According to reports from Bloomberg and CNBC, the delays focus on future construction of phase 2 at the massive project which at one time was considered as a possibility for Research Triangle Park when the project emerged in 2017.
“We’re always evaluating space plans to make sure they fit our business needs and to create a great experience for employees,” John Schoettler, Amazon’s head of real estate, said in a statement. “And since Met Park will have space to accommodate more than 14,000 employees, we’ve decided to shift the groundbreaking of PenPlace out a bit.”
Met Park, or Metropolitan Park, is nearly complete and includes two office towers that are nearly complete.
Pen Place includes an iconic office tower – “The Helix” – and other buildings.
Some 8,000 workers are already in place in the D.C. area, CNBC noted. The overall project was intended to house some 25,000 workers.
However, Amazon is in the process of laying off thousands of workers.
Amazon: Decision not linked to layoffs
The company’s decision to pause construction comes just two months after Amazon CEO Andy Jassy confirmed the company would be eliminating more than 18,000 jobs amid a broader cost-cutting effort after Amazon hired rapidly in the early years of the pandemic.
Zach Goldsztejn, an Amazon spokesperson, told CNN that the pause is not a result or indicative of role eliminations at the company. Goldsztejn said Amazon’s long-term intention and commitment regarding HQ2 remains unchanged, including the company’s plans to bring 25,000 corporate and tech jobs to the new headquarters.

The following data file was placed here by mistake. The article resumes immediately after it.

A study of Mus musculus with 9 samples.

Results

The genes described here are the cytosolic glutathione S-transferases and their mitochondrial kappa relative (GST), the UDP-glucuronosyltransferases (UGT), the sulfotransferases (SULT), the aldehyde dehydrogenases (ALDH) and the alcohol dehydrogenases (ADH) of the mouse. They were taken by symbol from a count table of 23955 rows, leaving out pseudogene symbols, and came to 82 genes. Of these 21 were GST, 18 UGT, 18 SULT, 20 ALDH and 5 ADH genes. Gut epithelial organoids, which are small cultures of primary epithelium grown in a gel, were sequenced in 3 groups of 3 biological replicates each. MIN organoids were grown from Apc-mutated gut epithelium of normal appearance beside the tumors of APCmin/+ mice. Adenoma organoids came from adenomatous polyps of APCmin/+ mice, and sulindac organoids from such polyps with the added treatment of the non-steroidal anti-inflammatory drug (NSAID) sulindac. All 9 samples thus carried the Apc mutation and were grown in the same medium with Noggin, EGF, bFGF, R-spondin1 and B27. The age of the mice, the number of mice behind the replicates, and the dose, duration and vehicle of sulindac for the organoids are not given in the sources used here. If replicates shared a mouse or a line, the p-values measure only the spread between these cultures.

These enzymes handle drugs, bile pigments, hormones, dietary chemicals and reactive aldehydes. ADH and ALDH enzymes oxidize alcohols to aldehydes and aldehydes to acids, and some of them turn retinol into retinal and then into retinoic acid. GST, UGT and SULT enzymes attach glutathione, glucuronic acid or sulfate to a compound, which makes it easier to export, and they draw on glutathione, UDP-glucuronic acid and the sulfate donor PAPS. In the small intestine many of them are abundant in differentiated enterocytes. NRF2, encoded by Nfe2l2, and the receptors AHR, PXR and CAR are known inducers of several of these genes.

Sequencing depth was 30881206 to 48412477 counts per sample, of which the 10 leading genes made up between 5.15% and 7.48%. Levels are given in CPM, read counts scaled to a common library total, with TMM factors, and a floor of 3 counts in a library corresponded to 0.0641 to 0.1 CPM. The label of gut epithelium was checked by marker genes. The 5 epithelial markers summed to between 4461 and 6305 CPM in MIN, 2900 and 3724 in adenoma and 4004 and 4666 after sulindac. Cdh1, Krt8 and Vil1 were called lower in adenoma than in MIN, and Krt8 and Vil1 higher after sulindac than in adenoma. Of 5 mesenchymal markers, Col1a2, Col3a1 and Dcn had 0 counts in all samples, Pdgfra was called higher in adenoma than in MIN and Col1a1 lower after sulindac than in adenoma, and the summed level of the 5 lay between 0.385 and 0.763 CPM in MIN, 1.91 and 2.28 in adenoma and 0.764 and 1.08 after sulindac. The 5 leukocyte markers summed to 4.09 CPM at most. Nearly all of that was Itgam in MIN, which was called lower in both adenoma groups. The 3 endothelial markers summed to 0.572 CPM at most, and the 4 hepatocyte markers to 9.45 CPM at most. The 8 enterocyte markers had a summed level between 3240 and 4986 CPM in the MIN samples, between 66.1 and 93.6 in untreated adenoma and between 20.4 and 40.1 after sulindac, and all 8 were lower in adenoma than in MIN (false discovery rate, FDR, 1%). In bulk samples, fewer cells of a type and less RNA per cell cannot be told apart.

Amazon’s move comes as a growing number of tech companies rethink their real estate footprint and investments, amid a downturn in the tech industry driven by a shift in pandemic demand and broader economic uncertainty. Facebook-parent Meta, Microsoft, Salesforce and Snap have each shuttered offices or announced plans to cut back on real estate in recent months.
The effect of those pullbacks can already be felt across the country, from Atlanta, where Microsoft paused development of a new campus, to San Francisco, where some local businesses say they are facing the ripple effects of remote work and multiple tech office closures.
Some community members have said the tech pullback feels like “broken promises” and raised concerns about the potential fallout from these moves in their neighborhoods.
In his statement, Schoettler said Amazon remains committed to Arlington, including “investing in affordable housing, funding computer science education in schools across the region, and supporting dozens of local nonprofits.”
“We appreciate the support of all our partners and neighbors, and look forward to continuing to work together in the years ahead,” he said.